December 2, 2005
Worldwide officer shortage is around 10,000
There is currently a worldwide shortage of around 10,000 ships' officers--and a "significant" surplus of ratings.
Those are two of the findings in the he fourth BIMCO/ISF Manpower Update which was published today.
The report is the result of over a year's work by BIMCO, ISF and the Institute of Employment Research at Warwick University, collecting data from maritime administrations and shipping companies to build up a comprehensive picture of the global situation regarding the availability of seafarers for the world's merchant fleet.
The worldwide supply of seafarers is estimated at:
Worldwide demand is estimated at:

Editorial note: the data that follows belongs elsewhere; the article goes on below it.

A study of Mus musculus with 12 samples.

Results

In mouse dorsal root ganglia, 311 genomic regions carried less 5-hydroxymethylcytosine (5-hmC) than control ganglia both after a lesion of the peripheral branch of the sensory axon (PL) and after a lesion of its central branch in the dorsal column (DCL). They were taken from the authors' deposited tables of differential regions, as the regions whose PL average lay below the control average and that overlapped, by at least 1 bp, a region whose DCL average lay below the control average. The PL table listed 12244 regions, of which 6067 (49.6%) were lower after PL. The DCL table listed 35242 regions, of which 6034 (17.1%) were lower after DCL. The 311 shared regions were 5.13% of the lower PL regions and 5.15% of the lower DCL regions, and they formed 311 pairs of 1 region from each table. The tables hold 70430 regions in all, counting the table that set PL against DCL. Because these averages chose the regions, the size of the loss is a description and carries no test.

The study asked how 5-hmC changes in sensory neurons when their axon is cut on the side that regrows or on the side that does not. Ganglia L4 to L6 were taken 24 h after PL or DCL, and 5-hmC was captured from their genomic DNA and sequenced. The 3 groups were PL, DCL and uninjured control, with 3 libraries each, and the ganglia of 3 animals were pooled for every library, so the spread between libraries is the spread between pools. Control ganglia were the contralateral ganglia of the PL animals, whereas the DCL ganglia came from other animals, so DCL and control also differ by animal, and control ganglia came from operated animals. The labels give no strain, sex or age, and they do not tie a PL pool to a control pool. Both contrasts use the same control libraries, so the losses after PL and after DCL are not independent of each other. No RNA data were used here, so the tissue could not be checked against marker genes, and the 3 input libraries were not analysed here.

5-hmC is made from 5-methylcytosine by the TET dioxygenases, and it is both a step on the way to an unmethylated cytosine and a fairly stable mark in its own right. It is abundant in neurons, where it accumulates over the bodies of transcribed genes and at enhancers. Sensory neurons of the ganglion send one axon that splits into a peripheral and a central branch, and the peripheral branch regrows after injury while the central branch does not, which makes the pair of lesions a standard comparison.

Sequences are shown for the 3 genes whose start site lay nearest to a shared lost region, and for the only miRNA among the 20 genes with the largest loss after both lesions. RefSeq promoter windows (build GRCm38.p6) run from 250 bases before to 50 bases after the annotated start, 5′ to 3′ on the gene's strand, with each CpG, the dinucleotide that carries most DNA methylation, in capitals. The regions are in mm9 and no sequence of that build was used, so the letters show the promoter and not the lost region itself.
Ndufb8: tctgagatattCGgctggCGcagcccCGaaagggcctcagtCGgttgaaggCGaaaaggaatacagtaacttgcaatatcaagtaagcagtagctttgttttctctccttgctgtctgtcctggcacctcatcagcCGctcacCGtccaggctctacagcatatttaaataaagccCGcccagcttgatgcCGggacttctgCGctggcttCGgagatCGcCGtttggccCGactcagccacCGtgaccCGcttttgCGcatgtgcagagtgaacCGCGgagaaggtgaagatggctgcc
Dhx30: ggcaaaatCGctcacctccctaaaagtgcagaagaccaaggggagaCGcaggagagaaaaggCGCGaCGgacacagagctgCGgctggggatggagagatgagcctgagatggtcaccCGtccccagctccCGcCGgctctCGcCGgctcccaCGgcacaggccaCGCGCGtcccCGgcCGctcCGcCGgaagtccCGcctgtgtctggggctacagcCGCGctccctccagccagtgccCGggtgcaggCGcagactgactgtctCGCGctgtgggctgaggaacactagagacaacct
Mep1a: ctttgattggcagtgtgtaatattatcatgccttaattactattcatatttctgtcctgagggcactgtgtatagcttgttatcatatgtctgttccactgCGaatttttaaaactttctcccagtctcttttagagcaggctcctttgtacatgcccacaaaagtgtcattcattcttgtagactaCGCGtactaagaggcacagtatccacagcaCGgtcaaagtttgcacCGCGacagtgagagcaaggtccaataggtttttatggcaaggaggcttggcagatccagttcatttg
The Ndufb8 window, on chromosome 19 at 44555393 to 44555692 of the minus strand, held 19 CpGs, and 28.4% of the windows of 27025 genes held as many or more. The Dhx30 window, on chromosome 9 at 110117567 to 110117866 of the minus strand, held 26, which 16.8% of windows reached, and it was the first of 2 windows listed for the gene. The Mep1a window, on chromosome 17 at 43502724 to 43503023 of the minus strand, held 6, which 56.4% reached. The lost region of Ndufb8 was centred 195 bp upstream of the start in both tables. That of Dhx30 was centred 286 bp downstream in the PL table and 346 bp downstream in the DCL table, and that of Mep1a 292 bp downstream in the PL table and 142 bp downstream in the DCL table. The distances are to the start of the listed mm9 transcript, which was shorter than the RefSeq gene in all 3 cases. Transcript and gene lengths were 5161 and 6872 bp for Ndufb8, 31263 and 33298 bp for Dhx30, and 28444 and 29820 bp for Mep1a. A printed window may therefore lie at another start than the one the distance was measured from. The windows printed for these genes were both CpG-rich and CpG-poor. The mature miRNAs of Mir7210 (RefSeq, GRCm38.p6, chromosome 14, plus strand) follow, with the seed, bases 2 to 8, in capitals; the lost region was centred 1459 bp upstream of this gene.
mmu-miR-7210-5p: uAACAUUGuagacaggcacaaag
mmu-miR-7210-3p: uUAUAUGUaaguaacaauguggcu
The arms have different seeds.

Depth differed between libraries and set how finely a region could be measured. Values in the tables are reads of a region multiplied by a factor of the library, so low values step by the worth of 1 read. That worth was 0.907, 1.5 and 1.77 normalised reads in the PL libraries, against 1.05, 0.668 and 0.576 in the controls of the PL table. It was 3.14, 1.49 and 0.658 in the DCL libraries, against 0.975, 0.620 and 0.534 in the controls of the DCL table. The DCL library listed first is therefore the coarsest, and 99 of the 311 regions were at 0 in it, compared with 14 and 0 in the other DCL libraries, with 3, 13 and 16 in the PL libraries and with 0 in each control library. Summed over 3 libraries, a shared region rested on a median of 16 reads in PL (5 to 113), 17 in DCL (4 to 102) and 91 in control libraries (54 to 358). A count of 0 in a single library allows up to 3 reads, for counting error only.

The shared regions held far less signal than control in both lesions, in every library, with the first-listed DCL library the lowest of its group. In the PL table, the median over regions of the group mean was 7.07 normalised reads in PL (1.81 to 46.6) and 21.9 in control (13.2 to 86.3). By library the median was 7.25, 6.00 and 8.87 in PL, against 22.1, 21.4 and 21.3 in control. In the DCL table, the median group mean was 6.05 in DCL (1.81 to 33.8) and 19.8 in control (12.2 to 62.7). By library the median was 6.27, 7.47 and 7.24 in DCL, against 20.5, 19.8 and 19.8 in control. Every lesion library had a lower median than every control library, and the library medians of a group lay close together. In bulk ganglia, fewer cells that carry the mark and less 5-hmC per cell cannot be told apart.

The update thus reveals a continuing shortage of qualified officers, of around 10,000 or 2 percent of the total workforce, and a significant surplus of ratings.
Key issues arising from the report include:
The continuing supply shift from OECD to the Far East, South-East Asia and Eastern Europe.
An increasing overall demand for seafarers, with particular pressure on certain grades and ship types.
Aging OECD senior officers and a lack of replacements from elsewhere.
The need to increase training and recruitment and to reduce wastage.
In summary, BIMCO and ISF conclude: "there is a modest shortage of officers worldwide and a continuing surplus of ratings. While the shortfall of officers is smaller than forecast in 2000, certain sectors of the industry have experienced severe shortages, and the continuing growth of the world fleet, combined with work pressures on crews, indicate that demand for qualified seafarers will continue to increase over the next decade. This demand will only be met if the increase in levels of recruitment and training is maintained and if wastage rates are reduced."